A prostatectomy is a procedure to remove all or part of the prostate gland. It is usually performed to treat prostate cancer or other conditions of the prostate including the inability to fully empty the bladder, recurrent bleeding from the prostate, bladder stones causing prostate enlargement, or pressure on the kidneys from urinary retention. Prostate cancer is the most common form of cancer for men older than fifty and the third leading cause of death from cancer.
The prostate gland surrounds the neck of the bladder and the urethra. It is a muscular gland, composed of three lobes. Its ducts open into the urethra. The prostate gland is part of the male reproductive system. Its primary function is to release alkaline fluid which forms part of the seminal fluid. The prostate helps to send prostate fluid and sperm into the urethra. It also plays an important role in the urinary process.
The prostate gland often becomes enlarged with age. In some cases, this is not problematic, but in others, it can lead to serious health problems. Some prostate problems do not require prostatectomy.
A prostate biopsy is usually carried out to assess whether surgical intervention is required. Advanced robotic technology has allowed for a more detailed examination of the prostate. A full health assessment will also be carried out to identify whether a patient is a suitable candidate for prostatectomy.
If a prostatectomy is necessary, a surgical incision is made and some or all of the prostate is removed. The incision can be made in the lower abdomen or in the area between the scrotum and the rectum.
There are different surgical methods for radical prostatectomy. The radical prostatectomy involves and removal of the entire gland. Your surgeon will try to spare the nerves as much as possible during the procedure in order to maintain as much function as possible. It can be performed using a perineal incision or a retropubic incision.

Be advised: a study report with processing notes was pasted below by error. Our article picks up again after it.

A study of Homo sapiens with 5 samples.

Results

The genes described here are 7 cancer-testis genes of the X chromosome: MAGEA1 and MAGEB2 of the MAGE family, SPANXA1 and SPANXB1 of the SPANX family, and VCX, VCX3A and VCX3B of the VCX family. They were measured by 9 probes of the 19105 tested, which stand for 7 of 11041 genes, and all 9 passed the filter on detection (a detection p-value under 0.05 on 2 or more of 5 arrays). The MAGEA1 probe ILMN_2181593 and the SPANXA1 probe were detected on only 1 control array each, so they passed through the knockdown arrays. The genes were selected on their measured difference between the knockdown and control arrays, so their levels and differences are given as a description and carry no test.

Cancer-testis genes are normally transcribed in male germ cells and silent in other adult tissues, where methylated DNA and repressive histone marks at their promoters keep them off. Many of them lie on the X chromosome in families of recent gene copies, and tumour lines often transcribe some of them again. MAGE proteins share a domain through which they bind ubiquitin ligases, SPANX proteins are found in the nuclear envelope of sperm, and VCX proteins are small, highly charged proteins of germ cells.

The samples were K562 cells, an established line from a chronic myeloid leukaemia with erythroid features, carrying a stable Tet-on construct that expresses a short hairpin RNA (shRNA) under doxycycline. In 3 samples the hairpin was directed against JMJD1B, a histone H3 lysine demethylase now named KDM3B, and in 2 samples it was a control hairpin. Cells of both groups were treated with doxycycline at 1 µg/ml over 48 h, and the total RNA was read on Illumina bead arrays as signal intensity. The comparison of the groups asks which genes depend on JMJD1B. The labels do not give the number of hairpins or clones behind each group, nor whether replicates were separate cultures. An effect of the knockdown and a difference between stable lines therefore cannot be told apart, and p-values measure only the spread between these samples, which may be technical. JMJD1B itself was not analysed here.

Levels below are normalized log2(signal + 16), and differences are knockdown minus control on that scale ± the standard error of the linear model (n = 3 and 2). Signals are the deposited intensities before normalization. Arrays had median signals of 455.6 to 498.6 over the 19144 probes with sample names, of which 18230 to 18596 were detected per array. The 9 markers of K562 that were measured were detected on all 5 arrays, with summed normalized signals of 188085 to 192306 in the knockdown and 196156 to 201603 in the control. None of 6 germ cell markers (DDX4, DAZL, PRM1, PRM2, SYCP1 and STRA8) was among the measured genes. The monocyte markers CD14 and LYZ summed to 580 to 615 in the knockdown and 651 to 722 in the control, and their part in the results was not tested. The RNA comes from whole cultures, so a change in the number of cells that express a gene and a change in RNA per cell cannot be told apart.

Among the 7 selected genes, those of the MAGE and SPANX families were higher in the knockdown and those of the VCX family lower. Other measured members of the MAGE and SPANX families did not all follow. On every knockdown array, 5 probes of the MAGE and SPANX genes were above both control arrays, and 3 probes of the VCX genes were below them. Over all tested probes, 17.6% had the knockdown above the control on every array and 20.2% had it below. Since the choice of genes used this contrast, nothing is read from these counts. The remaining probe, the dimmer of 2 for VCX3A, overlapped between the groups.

If the procedure is being performed because of prostatic cancer, surrounding lymph nodes will also be removed and tested to assess whether cancer has spread. If it has, other treatment methods will be identified.
A procedure called Transurethral Resection may also be used. It is performed through the penis with an endoscope, a flexible tube with a lens at the end which the surgeon uses to see the obstruction that must be removed. Once the immediate obstruction is removed, this may return to normal function, or further treatment may be required.
It is also now possible to perform prostatectomy with the minimally-invasive laparoscopic method. This involves smaller incisions and the surgeon operating through them rather than fully opening the surgical area. Laparoscopic prostatectomy can be performed manually or with robotic equipment.
You will meet with your medical team for an initial consultation. This will involve a complete medical history and a physical examination. It may also include some tests. You should provide information on any medications you are taking or any allergies you have. You may be required to pause certain medications for a period before the procedure. You will be required to fast for 8-12 hours before the surgery. Prostatectomy can be performed under general or local anaesthesia. It requires an inpatient stay.
After the procedure, dressing will be applied and medication may be prescribed to manage any pain in the days after surgery. If a drain is used to prevent fluid build-up at the site of the operation, it will be removed the day after surgery.
A urinary catheter may also be used and will remain in place for up to three weeks after surgery. Your medical team will provide advice on issues such as driving and physical work. You should notify them of any issues that may arise after surgery, such as excessive or persistent pain or any sign of infection.
Prostatectomy is associated with some substantial impacts and risks. As radical prostatectomy removes a man’s ability to produce semen, it causes sterility. It is also possible for radical prostatectomy to make it permanently impossible for the patient to achieve an erection. In some cases, this function will only be reduced. In others, normal function may gradually return. Nerve-sparing methods make impotence less likely but it is still possible.
The procedure may also lead to urinary incontinence. This is more common in older patients and may improve over time. Lymphedema, the accumulation of fluid in soft tissue, can also occur. This condition causes swelling. This is a rare and treatable side-effect. Prostatectomy also carries the standard risks of surgery such as infection, bleeding, and reaction to anaesthesia. These are also rare side-effects.